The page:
Local card room owners were dealt a royal flush Tuesday.
Spokane County commissioners slashed the county’s tax on commercial gambling operations from 15 percent to 2 percent, saying they want to make sure local businesses can remain competitive with tribal gaming.
Card room operators, who came out in force to support a tax cut, appeared stunned by the extent of their good fortune. Most said they expected a cut to 5 or 10 percent, not 2 percent.
Though commissioners said they didn’t make the tax cut to encourage card rooms to relocate from other jurisdictions into Spokane County, the move will likely have that effect.
“I can’t afford not to move,” said H.T. Higgins, owner of Big Daddy’s on Spokane’s South Hill.
He now pays the city tax on card rooms – 20 percent of gross gambling receipts. That’s amounted to $1.8 million over the past three years, a period in which Big Daddy’s has lost $500,000, Higgins said.
The county tax applies to punch boards, pull tabs and card room operations in unincorporated parts of the county only.
Commissioners completely eliminated the tax on pull-tab and punch board gambling operated by charitable organizations, saying it doesn’t make sense to tax their good works.
Both cuts take effect Oct. 1. Spokane County made $128,000 on gambling taxes last year, mostly on pull tabs.
Spokane city officials are also considering lowering their gambling tax. If they don’t, Higgins said he won’t stay.
“I’m already looking at possibilities,” he said, adding that lower taxes will enable him to offer employee health benefits.
The cut was first suggested to Commissioner Mark Richard by card room owner Jerry Heggestad.
Heggestad recently moved his business, Ace’s Casino, to the northwest corner of Francis and Division – just outside Spokane’s city limits – in a bet that the tax reduction would happen.
Heggestad testified Tuesday that Ace’s had been losing money at its previous location in Spokane Valley, where the gambling tax rate is 10 percent.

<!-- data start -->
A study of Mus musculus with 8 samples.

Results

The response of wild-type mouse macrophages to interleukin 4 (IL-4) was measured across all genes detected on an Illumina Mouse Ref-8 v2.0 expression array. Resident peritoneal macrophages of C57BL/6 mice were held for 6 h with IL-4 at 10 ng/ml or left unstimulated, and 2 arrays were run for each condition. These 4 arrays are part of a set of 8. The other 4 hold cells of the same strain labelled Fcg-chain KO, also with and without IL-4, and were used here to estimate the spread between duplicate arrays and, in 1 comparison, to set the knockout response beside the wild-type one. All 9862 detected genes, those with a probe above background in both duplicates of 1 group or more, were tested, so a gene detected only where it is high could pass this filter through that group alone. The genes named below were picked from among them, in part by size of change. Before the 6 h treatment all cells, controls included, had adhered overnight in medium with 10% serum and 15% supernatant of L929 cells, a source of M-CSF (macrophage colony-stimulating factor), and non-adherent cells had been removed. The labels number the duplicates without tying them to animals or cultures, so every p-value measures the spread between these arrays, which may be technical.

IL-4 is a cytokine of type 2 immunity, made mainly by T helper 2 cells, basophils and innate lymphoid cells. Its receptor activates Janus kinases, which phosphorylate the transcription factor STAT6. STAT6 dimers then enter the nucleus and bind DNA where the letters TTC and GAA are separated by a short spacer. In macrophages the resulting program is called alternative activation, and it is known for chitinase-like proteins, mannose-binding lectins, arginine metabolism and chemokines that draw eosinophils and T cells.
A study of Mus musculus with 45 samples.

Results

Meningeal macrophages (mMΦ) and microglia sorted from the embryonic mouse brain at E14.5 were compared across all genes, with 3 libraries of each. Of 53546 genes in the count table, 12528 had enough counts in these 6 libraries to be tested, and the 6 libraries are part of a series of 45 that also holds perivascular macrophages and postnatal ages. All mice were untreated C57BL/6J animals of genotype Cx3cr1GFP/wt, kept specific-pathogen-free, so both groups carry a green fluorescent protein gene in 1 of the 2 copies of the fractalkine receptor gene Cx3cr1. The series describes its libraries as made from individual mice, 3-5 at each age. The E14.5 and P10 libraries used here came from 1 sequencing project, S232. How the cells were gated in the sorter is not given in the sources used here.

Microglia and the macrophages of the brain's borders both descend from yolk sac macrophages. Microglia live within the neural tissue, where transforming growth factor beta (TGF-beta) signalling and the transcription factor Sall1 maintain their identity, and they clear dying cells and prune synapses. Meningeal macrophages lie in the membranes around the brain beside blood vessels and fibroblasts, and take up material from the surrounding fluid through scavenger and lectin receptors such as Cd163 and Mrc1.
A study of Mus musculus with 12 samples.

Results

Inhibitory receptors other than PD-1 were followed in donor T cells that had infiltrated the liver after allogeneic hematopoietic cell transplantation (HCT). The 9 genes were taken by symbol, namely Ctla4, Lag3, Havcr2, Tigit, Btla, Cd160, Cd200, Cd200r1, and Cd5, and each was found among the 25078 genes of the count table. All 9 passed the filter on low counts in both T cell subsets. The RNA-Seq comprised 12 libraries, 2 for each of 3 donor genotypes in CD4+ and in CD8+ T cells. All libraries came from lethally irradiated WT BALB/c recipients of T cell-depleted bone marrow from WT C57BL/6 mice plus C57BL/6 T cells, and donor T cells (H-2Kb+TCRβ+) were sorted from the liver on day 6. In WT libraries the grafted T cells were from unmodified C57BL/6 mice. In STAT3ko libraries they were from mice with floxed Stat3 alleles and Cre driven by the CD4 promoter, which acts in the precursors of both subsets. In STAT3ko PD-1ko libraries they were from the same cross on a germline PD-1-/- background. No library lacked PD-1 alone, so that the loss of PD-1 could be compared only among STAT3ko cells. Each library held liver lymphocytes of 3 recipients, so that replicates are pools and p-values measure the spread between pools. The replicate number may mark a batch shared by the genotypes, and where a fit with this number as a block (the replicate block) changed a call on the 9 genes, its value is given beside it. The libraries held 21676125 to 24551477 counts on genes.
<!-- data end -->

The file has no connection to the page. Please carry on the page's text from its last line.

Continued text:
Some at the hearing opposed cutting the tax, saying gambling weakens families and contributes to crime.
“Why should we make it easier for this unsavory industry to grow?” asked Maureen Moberly.
Spokane City Council candidate Nancy McLaughlin urged the commissioners to raise the tax in unincorporated parts of the county to match the city of Spokane’s 20 percent level.
But commissioners and commercial gambling operators said that even if a higher tax forced private mini-casinos out of business, it wouldn’t stop gambling in Spokane County. People will still play the lottery and go to the Kalispel Tribe’s Northern Quest Casino.
“Nothing we do tonight or any other time is going to make a difference with whether gambling is allowed in this community,” said Commissioner Todd Mielke.
Card room accounting manager Dawn Roskam said her casino job saved her family, boosting her off of welfare and food stamps and into an income bracket were she can now afford to raise her six kids herself.
“Two years ago I bought a house,” said Roskam, who was moved to tears as she testified.
Commissioner Phil Harris said protecting those jobs was a key reason he supported the cut.
“I don’t think they’re making that much money,” Harris said of the casinos, “But I’ll tell you who is making money, that’s the employees.”